Youth Appears In Court In London On Bomb Making Charges
Graeme Robertson  /  Getty Images file
Bow Street Magistrates Court in London.
By Reporter
NBC News
updated 8/25/2004 7:07:39 AM ET 2004-08-25T11:07:39

If you are interested in purchasing a piece of British legal history, it will set you back approximately $21.5 million.

London’s most famous police station and court, Bow Street Magistrates Court, has a long and colorful legacy of playing host to the trials and hearings of some of the most notorious characters in British history.

But the legal story is about to come to an end, and at the right price, a new one is about to begin.

The Metropolitan Police Authority and Greater London Magistrates' Courts Authority [G.L.M.C.A.] have instructed that the court and police station next door be sold. The police station has stood empty since 1992.

The buildings are being marketed for a variety of new uses including “residential and commercial development” and "will be used to part-finance a new 10 court building on Marylebone Road, central London," said Ian Priston, press officer for the G.L.M.C.A.

The majority of interest in the site has come from developers interested in the aforementioned areas, but it has also had interest from other sectors, most notably as a possible site for a London Gay & Lesbian Museum. 

The inspiration for the museum being housed on the site stems from Oscar Wilde's incarceration there when he was arrested and charged with gross indecency for being a homosexual in 1895.

The proposal has full backing from all the main mayoral candidates in London, and is the idea of gay rights campaigner Peter Tatchell. “Whoever gets elected, this museum is going to happen,” said Tatchell in June.

A brief history of the building
Bow Street, so called because the street is shaped like a bow, has been home to a court since 1740 when Thomas de Veil acquired the house at No. 4 and used it as a Magistrate’s office.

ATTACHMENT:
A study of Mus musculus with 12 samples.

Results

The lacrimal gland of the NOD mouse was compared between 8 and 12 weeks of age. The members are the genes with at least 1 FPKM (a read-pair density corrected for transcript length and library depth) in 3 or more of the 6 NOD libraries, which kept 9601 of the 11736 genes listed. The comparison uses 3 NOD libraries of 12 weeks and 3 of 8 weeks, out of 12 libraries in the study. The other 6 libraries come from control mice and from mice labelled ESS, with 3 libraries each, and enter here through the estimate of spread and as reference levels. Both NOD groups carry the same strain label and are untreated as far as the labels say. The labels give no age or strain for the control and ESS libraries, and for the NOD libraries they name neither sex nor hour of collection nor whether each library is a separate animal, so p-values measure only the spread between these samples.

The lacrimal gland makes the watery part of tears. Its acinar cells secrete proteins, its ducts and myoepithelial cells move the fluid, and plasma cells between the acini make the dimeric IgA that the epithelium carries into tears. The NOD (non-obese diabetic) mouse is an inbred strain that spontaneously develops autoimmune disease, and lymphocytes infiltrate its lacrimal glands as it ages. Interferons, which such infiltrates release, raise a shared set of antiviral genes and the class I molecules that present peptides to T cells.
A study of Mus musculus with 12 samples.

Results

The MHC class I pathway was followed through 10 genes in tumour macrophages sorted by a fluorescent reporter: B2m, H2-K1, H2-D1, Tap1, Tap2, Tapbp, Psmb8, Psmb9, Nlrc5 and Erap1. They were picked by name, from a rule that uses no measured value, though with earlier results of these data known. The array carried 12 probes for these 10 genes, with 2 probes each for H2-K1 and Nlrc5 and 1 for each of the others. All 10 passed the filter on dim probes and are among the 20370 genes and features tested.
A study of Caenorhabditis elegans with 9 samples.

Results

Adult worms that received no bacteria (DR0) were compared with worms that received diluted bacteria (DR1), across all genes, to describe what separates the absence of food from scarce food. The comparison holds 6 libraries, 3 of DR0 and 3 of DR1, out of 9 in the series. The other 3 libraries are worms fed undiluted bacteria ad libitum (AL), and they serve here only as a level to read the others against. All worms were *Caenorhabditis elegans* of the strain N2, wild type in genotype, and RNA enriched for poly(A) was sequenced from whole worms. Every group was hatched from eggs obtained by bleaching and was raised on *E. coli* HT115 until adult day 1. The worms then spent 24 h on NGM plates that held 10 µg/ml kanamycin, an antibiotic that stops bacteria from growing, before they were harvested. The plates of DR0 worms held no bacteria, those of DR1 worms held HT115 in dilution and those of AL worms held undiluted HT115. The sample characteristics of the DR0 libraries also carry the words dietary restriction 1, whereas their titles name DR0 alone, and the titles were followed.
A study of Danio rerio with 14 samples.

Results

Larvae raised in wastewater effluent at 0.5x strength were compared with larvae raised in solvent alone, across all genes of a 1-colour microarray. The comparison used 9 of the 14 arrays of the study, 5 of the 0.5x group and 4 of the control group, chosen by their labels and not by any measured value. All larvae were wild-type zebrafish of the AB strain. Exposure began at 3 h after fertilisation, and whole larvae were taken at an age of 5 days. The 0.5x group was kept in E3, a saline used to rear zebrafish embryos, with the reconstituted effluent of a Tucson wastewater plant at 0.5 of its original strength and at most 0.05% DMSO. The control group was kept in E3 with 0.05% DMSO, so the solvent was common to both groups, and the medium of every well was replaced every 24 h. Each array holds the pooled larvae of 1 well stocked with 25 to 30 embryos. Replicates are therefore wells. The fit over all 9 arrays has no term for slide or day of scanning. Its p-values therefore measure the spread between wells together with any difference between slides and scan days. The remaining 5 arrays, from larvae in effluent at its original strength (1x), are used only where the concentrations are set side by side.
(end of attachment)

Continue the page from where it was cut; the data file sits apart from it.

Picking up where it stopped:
Greater London Magistrates' Courts Authority.
Ian Priston  /  Press Officer for G.L.M.C.A.
An exterior view of the Greater London Magistrates' Courts Authority.

Henry Fielding took over the office in 1747, using it while he was a Justice of the Peace. Due to the widespread lawlessness in the area, Fielding formed a freelance group of “thief-takers” in 1754.

This group went on to become the Bow Street Runners and their consolidation with the “Peelers” force led to the foundation of the Metropolitan Police Act in 1839, creating the blueprint for modern police forces the world over.

In 1861 Queen Victoria objected to the blue lamp outside the police station, which had recently been introduced outside all British police stations, because it reminded her of the blue room in which her beloved Albert died every time she visited the Opera House in Covent Garden. Consequently the lamp was changed to a white one, the only London police station to do so.

A new purpose-built Bow Street police station and court, designed by Sir John Taylor in a Palladian style, was completed in 1881 and is the building that is for sale.

Famous visitors
Even before the turn of the 20th Century, Bow Street Magistrates Court was famous enough to be mentioned in "Oliver Twist" by Charles Dickens. In the novel the Artful Dodger was brought before the court for pickpocketing!

Oscar Wilde was charged in the court with gross indecency, after his failed attempt at charging his lover's father with libel for labeling him a homosexual.

The 20th century began with more infamy as American-born Dr. Hawley Harvey Crippen appeared before the court for murdering his wife and burying her remains in the cellar of his house. Crippen was found guilty and hanged at Pentonville Prison, London.

Rudolf Hess, Adolf Hitler’s deputy, also visited. His time in the court buildings was brief as he used the yard to exercise while trying to broker a peace deal.

Propagandists and gangsters
Also during the final days of World War II, Nazi propaganda broadcaster William Joyce, known as Lord Haw Haw, appeared before the court before being committed for trial at the Old Bailey for treason, for which he was found guilty and hanged.

In the 1960s East End gangster Reggie Kray, of the notorious Kray twins, was held in the cells after his arrest.

Recently the court has dealt with issues ranging from former Chilean military leader Augusto Pinochet’s hearing on torture and human rights charges, to extradition hearings for radical Muslim cleric Abu Hamza, and other terrorism-related arrests.

Paul Burrell, Princess Diana’s former butler, also appeared before the court when he was accused, and later cleared, of stealing several possessions belonging to her.

The future
The buildings, according to Adrian Turner of estate agents Collins CRE, are in need of modernization and as such would make ideal investment opportunities “for a whole variety of uses, from office to hotel, residential to retail, or wine bar and restaurant.”

Consent for the Grade II-listed police station building already exists for redevelopment into offices and a museum. 

Whatever happens after the end of the sale, it’s apparent that justice needs to be done to this historic and character-filled building.

Mathew Wilson is the NBC News London Bureau Coordinator.